Rabbi Morris B. Margolies, rabbi emeritus of Congregation Beth Shalom and a prominent member of the Kansas City Jewish community, died Friday. He was 90.
Known for his deep intellect and a belief that people should never stop learning, Margolies was also remembered Sunday for his work for equality and social justice. He protested the Vietnam War, marched for civil rights in the South and fought for non-discriminatory housing in Kansas City.
“Some people didn’t always agree with him, but he had to speak up,” Todd Stettner, chief executive officer of the Jewish Federation of Greater Kansas City, said Sunday.
“He was driven to do what he thought was right morally and ethically, and he was certainly not afraid to stand up for his beliefs.”
Upon his retirement in 1986, Margolies said: “One of the things I stand for is bringing about understanding between people of different opinions and backgrounds. And unless Jew and gentile and black and white come together, there’s no hope for this world.”
Margolies, who lived in Leawood, had a distinguished career as an educator, writer, lecturer and leader on social justice issues. He served as senior rabbi at Beth Shalom, a Conservative synagogue, from 1961 until he retired 25 years later.
Stettner said his work would make him long remembered in the Kansas City Jewish community.
Though retired, he remained active. In 2007, when the Dead Sea Scrolls came to Kansas City’s Union Station, Margolies helped as a scholar-curator for the exhibit, saying he hoped the two-millennium-old texts would awe and inspire people.
“Instead of reading ‘The Da Vinci Code,’ which is fiction, they can read something which is alive,” he said at the time.
Margolies was born in Jerusalem on Dec. 25, 1921 — which was Hanukkah — and arrived in the United States with his parents eight years later.
The seventh generation of a family of rabbis, Margolies received his Orthodox ordination in 1943 from the Isaac Elchanan Theological Seminary of Yeshiva University in New York City. He received his bachelor’s degree from the university the same year, graduating magna cum laude.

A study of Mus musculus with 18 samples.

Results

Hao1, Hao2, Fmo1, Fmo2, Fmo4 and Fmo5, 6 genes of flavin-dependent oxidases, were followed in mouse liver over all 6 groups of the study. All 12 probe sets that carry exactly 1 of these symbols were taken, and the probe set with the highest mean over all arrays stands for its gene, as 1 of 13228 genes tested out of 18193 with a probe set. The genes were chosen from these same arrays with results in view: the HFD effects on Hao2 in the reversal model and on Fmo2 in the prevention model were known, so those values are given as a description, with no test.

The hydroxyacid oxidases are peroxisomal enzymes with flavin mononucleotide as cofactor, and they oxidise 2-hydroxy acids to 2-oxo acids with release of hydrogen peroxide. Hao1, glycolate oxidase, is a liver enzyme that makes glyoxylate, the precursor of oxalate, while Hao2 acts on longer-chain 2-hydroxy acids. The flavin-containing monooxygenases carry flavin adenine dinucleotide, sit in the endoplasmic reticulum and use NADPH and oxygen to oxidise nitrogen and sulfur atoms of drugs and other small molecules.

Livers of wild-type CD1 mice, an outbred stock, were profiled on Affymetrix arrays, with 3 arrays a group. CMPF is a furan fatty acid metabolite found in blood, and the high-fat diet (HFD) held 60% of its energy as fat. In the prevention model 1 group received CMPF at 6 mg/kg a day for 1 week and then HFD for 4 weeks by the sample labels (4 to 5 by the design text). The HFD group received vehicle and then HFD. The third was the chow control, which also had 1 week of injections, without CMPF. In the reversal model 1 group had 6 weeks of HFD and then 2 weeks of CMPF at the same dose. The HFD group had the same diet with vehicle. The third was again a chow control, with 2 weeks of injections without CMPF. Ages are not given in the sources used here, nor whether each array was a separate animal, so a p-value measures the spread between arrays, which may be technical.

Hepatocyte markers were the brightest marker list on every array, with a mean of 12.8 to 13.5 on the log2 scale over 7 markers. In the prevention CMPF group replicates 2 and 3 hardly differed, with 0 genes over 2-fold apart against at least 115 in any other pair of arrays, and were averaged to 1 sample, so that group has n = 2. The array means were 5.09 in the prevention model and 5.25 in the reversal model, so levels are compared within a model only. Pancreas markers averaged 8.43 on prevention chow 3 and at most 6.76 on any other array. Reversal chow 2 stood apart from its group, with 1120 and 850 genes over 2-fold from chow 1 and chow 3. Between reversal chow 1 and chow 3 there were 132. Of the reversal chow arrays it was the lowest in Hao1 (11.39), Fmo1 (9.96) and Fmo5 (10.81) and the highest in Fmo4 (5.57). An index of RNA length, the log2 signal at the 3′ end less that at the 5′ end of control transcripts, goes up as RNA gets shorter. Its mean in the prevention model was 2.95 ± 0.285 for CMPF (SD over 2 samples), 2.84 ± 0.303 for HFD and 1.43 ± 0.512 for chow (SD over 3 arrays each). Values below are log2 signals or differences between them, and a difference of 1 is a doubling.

People who worked with him at Beth Shalom described him as a preacher in the traditional mold, a powerful lecturer and a superb teacher. They said he not only believed what he preached, he acted upon those words.
“We all emphasize different aspects of God,” Rabbi Henry Balser said while Margolies was still senior rabbi at Beth Shalom. “He believes in a God of justice. The God that Morris Margolies relates to cannot stand seeing poor people neglected or innocent people hurt in war. That is the heart of the soul of Morris Margolies.”
For example, when Margolies saw the way blacks were treated in the South, he went to Hattiesburg, Miss., to march for civil rights and to help with voter registration drives. He also fought for non-discriminatory housing in Kansas City. When opposition to war could hurt one’s reputation, he called the United States the aggressor in the Vietnam War.
On the eve of the 1972 election, he delivered a sermon titled “Throw the Rascal Out,” a scathing reference to Richard Nixon, who was running for a second term.
“At that time, Watergate was just beginning,” he recalled years later. But he sensed that Nixon “ultimately would be found to be the guilty party and that we would be in for one of the greatest political disasters in the history of the country.”
“Seven people walked out in the middle of my talk, obviously angry,” he said. “They submitted their letters of resignation. They said I had no basis for making such a far-reaching accusation.”
Arthur Brand, a past president of the synagogue and community leader, once said that “it was not a question of his inviting criticism. He felt that it was a requirement of his position to lead in the direction he thought correct. But some congregants found him quite controversial.”
And when the Israelis invaded Lebanon in June 1982, Margolies said he would not just stand by with fawning support.
In his Yom Kippur sermon, he called the invasion of Lebanon a “morally unjustified” tragedy because many innocent people were killed.
In addition to social activism, Margolies had a passion for Jewish history. He taught various aspects of the topic at the synagogue and for many years was an adjunct professor of Jewish history at the University of Kansas.
“He has a brilliant background in all things Judaic,” Sylvan Siegler, a Kansas City lawyer and past synagogue president, once said of Margolies. “I don’t know many rabbis who can recall so much tradition from memory.”